Atopy – Allergies and your Pets

We can help relieve allergies in dogs and cats. Allergy testing for animals is a safe and effective way to diagnose allergies and start an effective allergy treatmentWhat’s causing your dog to itch? It’s probably dog allergies. But is it food, dust mites … or you? There are hundreds of possibilities.

Here’s how to rule out some of them, and get down to the likeliest ones. Once you know what’s causing the itch, you can take action to provide your dog with some much-needed relief.

Let’s get down to business. Does your dog itch all year-round, or just in certain seasons?

We can help relieve allergies in dogs and cats. Allergy testing for animals is a safe and effective way to diagnose allergies and start an effective allergy treatment.

There are only a few causes of year-round canine allergies:

Food. This is the first thing many people think of as causing canine allergies. It’s actually one of the least likely. True food allergies are uncommon in dogs.

A dog may be sensitive to a protein source in his food , or to the protein part of grains such as wheat, soy or corn. Wheat gluten is another one which frequently causes some dog itching and scratching problems. If you have an itchy dog, avoid foods with soy.

Try switching to a food with a different protein source, or with a different grain content than you’ve been feeding. Test this food for 6 weeks and see if there’s any difference. If food does seem to be the problem, rotate different foods through your dog’s diet. Canine allergies develop after exposure to an ingredient, and the more exposure, the more likely an allergy will develop.

If your dog is itching, another food-related cause may be mold . Molds grow on wheat, corn, and peanut hulls used in pet food. These produce toxic by-products called mycotoxins, which can suppress the immune system, leading to dog itching problems.

Atopy is the term used in veterinary medicine for the itchy condition caused by allergies to inhaled substances. These substances, called “allergens” may be pollens, plant or animal fibers, house dust, or molds. Animals with atopy (called “atopics”) often show symptoms such as scratching, licking their paws, and rubbing their face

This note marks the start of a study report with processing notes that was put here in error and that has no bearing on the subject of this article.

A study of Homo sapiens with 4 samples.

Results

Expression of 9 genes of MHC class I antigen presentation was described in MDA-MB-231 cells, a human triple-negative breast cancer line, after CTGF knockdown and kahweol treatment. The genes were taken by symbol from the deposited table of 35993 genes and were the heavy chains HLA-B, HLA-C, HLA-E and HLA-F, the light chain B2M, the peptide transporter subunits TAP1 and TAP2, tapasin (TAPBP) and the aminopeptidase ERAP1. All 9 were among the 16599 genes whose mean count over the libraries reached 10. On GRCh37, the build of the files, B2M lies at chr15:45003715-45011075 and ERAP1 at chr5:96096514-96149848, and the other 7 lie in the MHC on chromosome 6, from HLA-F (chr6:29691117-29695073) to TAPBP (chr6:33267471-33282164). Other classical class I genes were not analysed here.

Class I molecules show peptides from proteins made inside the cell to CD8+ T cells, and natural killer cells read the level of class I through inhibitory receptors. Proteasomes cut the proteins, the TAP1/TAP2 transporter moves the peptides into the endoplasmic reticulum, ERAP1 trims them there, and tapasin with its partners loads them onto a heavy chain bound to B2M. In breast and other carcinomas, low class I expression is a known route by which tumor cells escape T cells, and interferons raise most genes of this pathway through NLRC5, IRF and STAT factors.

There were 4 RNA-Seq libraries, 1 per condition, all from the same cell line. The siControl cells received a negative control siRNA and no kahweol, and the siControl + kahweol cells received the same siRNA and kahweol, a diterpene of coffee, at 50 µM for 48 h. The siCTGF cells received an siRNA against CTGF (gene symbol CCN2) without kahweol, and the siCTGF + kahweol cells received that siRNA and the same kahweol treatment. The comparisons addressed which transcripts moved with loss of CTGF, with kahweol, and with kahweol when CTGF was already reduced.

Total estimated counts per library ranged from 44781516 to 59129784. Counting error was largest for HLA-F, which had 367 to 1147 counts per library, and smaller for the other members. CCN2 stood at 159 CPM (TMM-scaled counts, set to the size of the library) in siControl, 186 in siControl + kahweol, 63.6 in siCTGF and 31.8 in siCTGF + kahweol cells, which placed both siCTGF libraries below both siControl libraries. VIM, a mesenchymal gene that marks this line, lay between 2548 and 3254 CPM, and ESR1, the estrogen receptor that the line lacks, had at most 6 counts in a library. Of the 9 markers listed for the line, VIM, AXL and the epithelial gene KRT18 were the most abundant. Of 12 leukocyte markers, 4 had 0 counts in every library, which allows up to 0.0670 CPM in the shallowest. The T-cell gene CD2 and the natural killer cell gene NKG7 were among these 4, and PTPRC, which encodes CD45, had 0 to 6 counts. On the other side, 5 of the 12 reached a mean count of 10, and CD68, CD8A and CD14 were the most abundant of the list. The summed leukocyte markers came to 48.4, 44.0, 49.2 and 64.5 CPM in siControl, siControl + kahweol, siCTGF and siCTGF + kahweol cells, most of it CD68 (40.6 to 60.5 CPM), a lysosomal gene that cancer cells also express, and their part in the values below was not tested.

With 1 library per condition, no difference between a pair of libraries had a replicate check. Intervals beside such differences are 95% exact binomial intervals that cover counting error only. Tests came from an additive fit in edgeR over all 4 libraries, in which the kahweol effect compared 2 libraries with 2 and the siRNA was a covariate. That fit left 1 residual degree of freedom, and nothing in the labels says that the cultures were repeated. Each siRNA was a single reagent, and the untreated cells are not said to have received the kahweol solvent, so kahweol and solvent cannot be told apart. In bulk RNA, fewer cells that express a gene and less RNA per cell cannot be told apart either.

The only precise way of diagnosing allergies is the intra-dermal skin test. The dog or cat is clipped on one side of the chest, and very small amounts of the suspected allergens are injected into the skin. This is slightly uncomfortable but most pets tolerate the procedure quite well. (Occasionally, a tranquilizer is necessary to quiet the anxious patient). Currently 40 different antigens are used for complete skin testing. The reactivity of the various allergens is evaluated by the veterinarian within a half-hour following the injections. The entire procedure generally takes about one hour.

If a pet is diagnosed as being allergic, there are three methods of therapy.

  • The first is to remove the offending allergens from the animal’s environment. This is not possible in many cases, but should be considered when wool, kapok (a furniture stuffing), or similar allergens are implicated in the skin test.
  • The second means of therapy is hyposensitization, or “allergy shots”. These are a series of injections of diluted allergens that are given to render the pet less sensitive to its allergies. The mechanism by which the injections work is not well understood. Usually the owner can be trained to give the injections at home. Approximately 20% of all animals given the injections fail to improve; 60% are controlled with hyposensitization injections alone while 20% are not completely controlled and may need other medication. The response to hyposensitization is slow and gradual. Most pets do not respond until they have been on 3 to 6 months of treatment. For a fair trial you must continue shots for 6 months. Once they have responded, treatment must be continued at least a full year and in most cases will be needed for life. Hyposensitization has not been effective for control of flea allergic dermatitis with antigens (flea extract) presently available, therefore atopic animals with concurrent flea allergies still require consistent and ongoing flea control (environment and pets).
  • The third type of therapy involves the use of anti-itch medication. Antihistamines generally are not very effective in animals. Some pets (approximately 30%) will respond, however, and thus a trial course of antihistamine may be tried. The most frequent anti-itch drug used in veterinary medicine is a cortisone-like medication. In order to minimize potential side effects, animals are usually placed on the lowest, every-other-day morning dose of oral prednisone that is still effective in controlling their symptoms.